Obtuse DHS offers coping tips for ‘disrupted workers’

Empower Wisconsin | July 15, 2020

By M.D. Kittle

MADISON  — For the tens of thousands of out-of-work Wisconsinites caught in the state Department of Workforce Development’s abysmal Unemployment Insurance claims system, it must be comforting to know that the state Department of Health Services is offering “Coping tips.” 

Of course, DHS is the same Evers administration agency that ordered the extended lockdown, a health edict that drove hundreds of thousands of “nonessential” workers to the unemployment line. When they filed their claims, many got stuck in a morass of bureaucratic incompetence that has deprived them of income for months.

While some have been evicted, lost their homes or have been forced to exhaust their life savings, state health officials want them to know that they’ve developed five strategies for “disrupted workers and their families.”

“Altered family routines. New financial pressures. Worry for yourself and your loved ones. Facing uncertainty at work, interrupted employment, or the increased risks that come with working an essential job during a pandemic. There is no doubt that COVID-19 is creating strain for people throughout Wisconsin,” DHS, the Captain Obvious of state agencies, notes on its webpage. 

The good folks at Health Services know that adapting to such changes can be stressful, but with “self-care, the support of your loved ones, and a few healthy coping strategies, you can manage and reduce the pressure you may feel at work or at home.”

“I’m 60 years old. This has devastated me,” Carol Glupker of Milwaukee recently told Wisconsin Spotlight. She’s approaching four months unemployed, four months of unanswered claims from DWD, which has clearly botched her case. “How do you recoup that loss when you’re 60 years old?”

Well, DHS insists the first step is to “know it’s okay.”

“It’s normal to feel upset and afraid when life changes in dramatic ways. Don’t judge your actions and emotions during times of stress too harshly,” the agency notes in its coping tips.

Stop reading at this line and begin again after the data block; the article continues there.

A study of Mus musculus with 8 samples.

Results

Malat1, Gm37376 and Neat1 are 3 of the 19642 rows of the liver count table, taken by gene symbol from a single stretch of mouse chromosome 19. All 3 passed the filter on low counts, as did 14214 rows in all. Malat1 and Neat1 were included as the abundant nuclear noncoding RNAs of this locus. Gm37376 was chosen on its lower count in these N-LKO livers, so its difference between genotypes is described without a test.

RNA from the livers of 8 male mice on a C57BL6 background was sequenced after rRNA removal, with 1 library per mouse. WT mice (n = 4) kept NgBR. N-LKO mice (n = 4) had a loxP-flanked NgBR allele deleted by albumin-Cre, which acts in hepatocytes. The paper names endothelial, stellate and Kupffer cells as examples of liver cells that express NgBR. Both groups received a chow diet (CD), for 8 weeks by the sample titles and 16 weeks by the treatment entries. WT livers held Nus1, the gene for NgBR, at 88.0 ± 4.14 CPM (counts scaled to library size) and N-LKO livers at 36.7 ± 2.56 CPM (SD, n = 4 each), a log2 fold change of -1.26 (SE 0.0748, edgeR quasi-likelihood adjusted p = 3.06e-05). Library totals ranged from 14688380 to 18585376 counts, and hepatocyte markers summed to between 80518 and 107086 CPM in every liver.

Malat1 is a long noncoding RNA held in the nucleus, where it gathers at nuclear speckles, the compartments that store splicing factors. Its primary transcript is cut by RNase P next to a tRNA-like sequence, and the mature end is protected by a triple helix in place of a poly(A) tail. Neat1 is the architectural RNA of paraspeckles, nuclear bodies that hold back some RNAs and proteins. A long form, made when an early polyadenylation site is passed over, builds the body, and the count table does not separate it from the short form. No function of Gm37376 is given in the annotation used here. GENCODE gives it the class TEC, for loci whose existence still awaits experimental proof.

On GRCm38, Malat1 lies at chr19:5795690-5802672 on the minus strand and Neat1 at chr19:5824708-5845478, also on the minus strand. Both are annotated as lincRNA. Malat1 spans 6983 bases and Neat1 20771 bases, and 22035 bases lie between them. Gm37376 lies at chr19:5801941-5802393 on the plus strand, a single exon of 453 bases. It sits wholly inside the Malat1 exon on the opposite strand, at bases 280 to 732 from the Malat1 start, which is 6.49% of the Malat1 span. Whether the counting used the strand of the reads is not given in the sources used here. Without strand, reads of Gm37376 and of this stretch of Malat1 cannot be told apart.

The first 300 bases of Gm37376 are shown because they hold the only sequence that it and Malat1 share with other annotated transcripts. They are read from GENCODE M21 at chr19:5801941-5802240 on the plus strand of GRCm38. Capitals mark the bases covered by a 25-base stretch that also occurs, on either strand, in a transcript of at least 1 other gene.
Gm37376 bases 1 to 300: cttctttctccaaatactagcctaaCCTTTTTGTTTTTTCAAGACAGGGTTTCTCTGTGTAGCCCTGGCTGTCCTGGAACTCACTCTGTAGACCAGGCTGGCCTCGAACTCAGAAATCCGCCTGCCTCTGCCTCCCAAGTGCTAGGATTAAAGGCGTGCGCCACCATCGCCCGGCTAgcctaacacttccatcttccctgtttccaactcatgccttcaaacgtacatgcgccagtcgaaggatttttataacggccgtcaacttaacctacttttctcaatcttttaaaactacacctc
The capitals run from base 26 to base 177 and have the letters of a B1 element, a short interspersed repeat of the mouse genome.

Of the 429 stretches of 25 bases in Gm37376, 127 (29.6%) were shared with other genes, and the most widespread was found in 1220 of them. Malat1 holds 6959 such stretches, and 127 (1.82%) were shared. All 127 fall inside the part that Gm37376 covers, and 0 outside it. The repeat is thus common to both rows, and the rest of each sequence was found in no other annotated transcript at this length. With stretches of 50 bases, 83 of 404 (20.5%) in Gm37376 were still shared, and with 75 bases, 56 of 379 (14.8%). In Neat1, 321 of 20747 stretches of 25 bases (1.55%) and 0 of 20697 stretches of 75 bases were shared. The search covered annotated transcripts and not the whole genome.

Disrupted workers should also “stick to a routine.”

“Create a schedule for working, relaxing, physical activity, and connecting with loved ones that you and your family can rely on.”

And don’t forget to “prioritize self-care”

“Getting adequate rest and exercise, eating healthy foods, and maintaining your social connections can help you take better care of yourself and others,” DHS suggests.

Glupker said her dangerously high blood pressure recently necessitated a trip to the ER. The doctors put her on blood pressure meds, which she can’t afford because she’s gone nearly four months without the unemployment benefits she’s owed.

“Now I’m going to have to go on high blood pressure medicine because I can’t sleep at night,” she told Wisconsin Spotlight.

DHS wants Glupker and other disrupted workers like her to know that they should “live with purpose.”

“Disruptions in your work and home life can leave you floundering. Finding new ways to stay active and make contributions in your life and community can help reduce anxiety,” DHS recommends.

Above all, the agency advises to “Ask for the help you need.”

Glupker has. When DWD refused to answer her calls, she reached out to Gov. Tony Evers’ office. Someone there said he would check into her problems. Glupker hasn’t heard back.

“Me, as an individual, I live by myself. I have no money coming in,” Glupker said. “I have depleted all of my savings account, all my 401(k). I have nothing left anymore.”

It’s hard to cope when you’ve lost just about everything you’ve worked for because the government took away your job then reneged on its promises.


    Those who can, do; those who can’t, offer advice.